Sterling falls on “Super Thursday” despite Bank of England split decision

Enrique Díaz-Álvarez07/Aug/2015Currency Updates


For the first time in its 321 year history, the Bank of England yesterday released its monthly interest rate decision, monetary policy meeting minutes, and quarterly Inflation Report simultaneously, in what many economists had dubbed “Super Thursday”.

As was widely expected, the central bank left its benchmark interest rate unchanged at 0.5%. However, the Bank of England surprised almost everyone, with just one of the nine members, long standing hawk Ian McCafferty, voting for a rate increase, after two or three dissenters were anticipated.

While members judged that risks from the Greek crisis had faded, policymakers appeared concerned over the strength of the Pound, and the disinflationary impact that this could have. The near term inflation outlook was deemed “muted”, due to a fall in energy prices, although it is still expected to return to the 2% target, in line with previous forecasts. On the hawkish side, the minutes noted that productivity growth was finally on the rise, while economic growth forecasts for this year were revised upwards from 2.5% to 2.8%. The growth in wages, which last month rose to 3.2%, is also expected to firm, which would counterbalance the drag on inflation from Sterling. Governor Carney claimed the timing of an interest rate hike could not be predicted in advance, and would be data dependant.

Despite the generally dovish tone from policymakers, we believe that the first split vote this year still puts the Bank of England on track for a rate increase in the first quarter of next year. We expect a slow build up towards a majority, with a hike still likely at the February meeting. However, markets were clearly caught wrong footed by the lack of more votes for an immediate increase yesterday, hence the sharp depreciation of Sterling against its peers, down by 0.7% versus the US Dollar and by 0.8% against the Euro.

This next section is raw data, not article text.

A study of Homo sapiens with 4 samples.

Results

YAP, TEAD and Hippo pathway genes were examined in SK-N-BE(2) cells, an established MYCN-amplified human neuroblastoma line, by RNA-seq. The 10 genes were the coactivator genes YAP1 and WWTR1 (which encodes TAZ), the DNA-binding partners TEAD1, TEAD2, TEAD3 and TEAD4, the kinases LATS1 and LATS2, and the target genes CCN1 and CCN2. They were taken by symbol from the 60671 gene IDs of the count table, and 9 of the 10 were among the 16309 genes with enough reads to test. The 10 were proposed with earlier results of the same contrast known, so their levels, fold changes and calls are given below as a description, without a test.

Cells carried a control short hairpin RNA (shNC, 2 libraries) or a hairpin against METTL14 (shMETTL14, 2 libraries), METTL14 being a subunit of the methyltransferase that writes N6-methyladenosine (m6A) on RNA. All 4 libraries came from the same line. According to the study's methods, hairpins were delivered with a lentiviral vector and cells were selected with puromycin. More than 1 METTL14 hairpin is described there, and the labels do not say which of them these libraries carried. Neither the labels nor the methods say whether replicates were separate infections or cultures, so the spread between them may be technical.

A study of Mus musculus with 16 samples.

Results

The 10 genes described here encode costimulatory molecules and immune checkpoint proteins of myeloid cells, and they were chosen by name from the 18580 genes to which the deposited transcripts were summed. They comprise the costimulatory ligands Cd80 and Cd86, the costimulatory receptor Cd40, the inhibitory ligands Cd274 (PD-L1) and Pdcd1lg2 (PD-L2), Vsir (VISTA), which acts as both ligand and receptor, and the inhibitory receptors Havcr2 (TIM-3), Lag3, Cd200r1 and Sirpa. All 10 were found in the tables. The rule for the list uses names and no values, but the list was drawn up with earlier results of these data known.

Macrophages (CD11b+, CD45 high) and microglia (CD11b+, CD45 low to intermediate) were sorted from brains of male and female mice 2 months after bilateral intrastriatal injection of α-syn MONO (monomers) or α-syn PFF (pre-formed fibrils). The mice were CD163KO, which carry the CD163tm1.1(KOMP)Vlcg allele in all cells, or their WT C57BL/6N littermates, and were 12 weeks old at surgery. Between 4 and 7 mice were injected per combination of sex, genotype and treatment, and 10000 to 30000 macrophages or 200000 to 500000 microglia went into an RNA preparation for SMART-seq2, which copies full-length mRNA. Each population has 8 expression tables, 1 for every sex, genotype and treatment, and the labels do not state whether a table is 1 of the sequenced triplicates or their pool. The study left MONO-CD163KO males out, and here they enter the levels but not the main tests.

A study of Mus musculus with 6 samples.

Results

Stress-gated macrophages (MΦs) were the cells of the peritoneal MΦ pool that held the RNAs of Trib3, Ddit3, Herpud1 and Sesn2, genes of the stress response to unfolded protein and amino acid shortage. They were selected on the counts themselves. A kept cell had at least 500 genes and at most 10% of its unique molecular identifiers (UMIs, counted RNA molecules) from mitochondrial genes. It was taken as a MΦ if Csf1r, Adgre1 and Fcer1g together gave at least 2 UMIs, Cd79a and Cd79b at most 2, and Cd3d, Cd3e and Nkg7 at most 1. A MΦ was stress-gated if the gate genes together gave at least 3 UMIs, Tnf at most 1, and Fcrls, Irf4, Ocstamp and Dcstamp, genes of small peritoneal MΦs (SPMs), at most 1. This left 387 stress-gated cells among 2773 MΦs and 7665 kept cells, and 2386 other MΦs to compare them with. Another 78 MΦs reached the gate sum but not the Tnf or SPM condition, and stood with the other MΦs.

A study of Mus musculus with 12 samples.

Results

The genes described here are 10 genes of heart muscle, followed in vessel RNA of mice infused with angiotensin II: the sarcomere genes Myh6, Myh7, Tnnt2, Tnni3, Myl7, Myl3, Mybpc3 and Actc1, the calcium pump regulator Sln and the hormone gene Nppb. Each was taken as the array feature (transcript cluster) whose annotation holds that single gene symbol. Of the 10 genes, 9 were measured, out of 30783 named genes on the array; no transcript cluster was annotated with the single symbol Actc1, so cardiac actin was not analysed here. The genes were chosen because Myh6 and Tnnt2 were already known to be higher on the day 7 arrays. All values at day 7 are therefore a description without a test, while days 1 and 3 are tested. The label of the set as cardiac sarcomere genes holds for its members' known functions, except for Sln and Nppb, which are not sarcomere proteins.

Amidst gains versus Sterling, the Euro had a relatively subdued session against the US Dollar, ending the day unchanged versus the Greenback.

Yesterday was a quiet day in the Eurozone economy, with little in the way of economic announcements or releases. Early in the day, German factory orders smashed all expectations, increasing by the most so far in 2015. The June figures from Destatis rose by 2% from May alone, a massive 7.2% higher than the same month a year previous. The sharp increase was driven almost entirely by foreign demand, which rose by 4.8% in a single month. Elsewhere, the unemployment rate in Greece improved to its lowest rate in three years, although still at a lofty 25%.

This morning we’ll see the release of industrial production and trade data in Germany and France, although focus will be on the nonfarm payroll release in the US.


Gains against Sterling yesterday gave the US Dollar a boost ahead of today’s labour report. The US Dollar index ended the London session 0.15% higher.

With attention firmly on the UK on yesterday, events in the US largely went under the radar. Weekly jobless claims came in slightly better than anticipated at 270,000, compared to the previous week’s 267,000. This marked the 22nd straight week of claims under 300,000, a threshold associated with a strengthening labour market. The more representative four week moving average of claims improved further, down by over six thousand to 268,250.

The key announcements keep on coming in the major economies today. At 1.30pm today, the US Department of Labor will be releasing its much anticipated monthly labour report for July, including the latest nonfarm payroll figure. The general consensus is for a figure in the region of around 200-220K. We believe that, absent any surprises to a sub-150K level in the next two reports, and we’ll see an interest rate hike by the Federal Reserve at their September meeting.

Rest of the world

The Czech central bank reinforced its commitment to maintaining its de-facto peg against the Euro. The Russian Ruble hit a fresh five month low as oil prices slipped below $50 a barrel, while the Chinese Yuan remained steady, despite the IMF delaying proposals to add the currency to the special drawing rights (SDR) basket.


Written by Enrique Díaz-Álvarez

Chief Risk Officer at Ebury. Committed to mitigating FX risk through tailored strategies, detailed market insight, and FXFC forecasting for Bloomberg.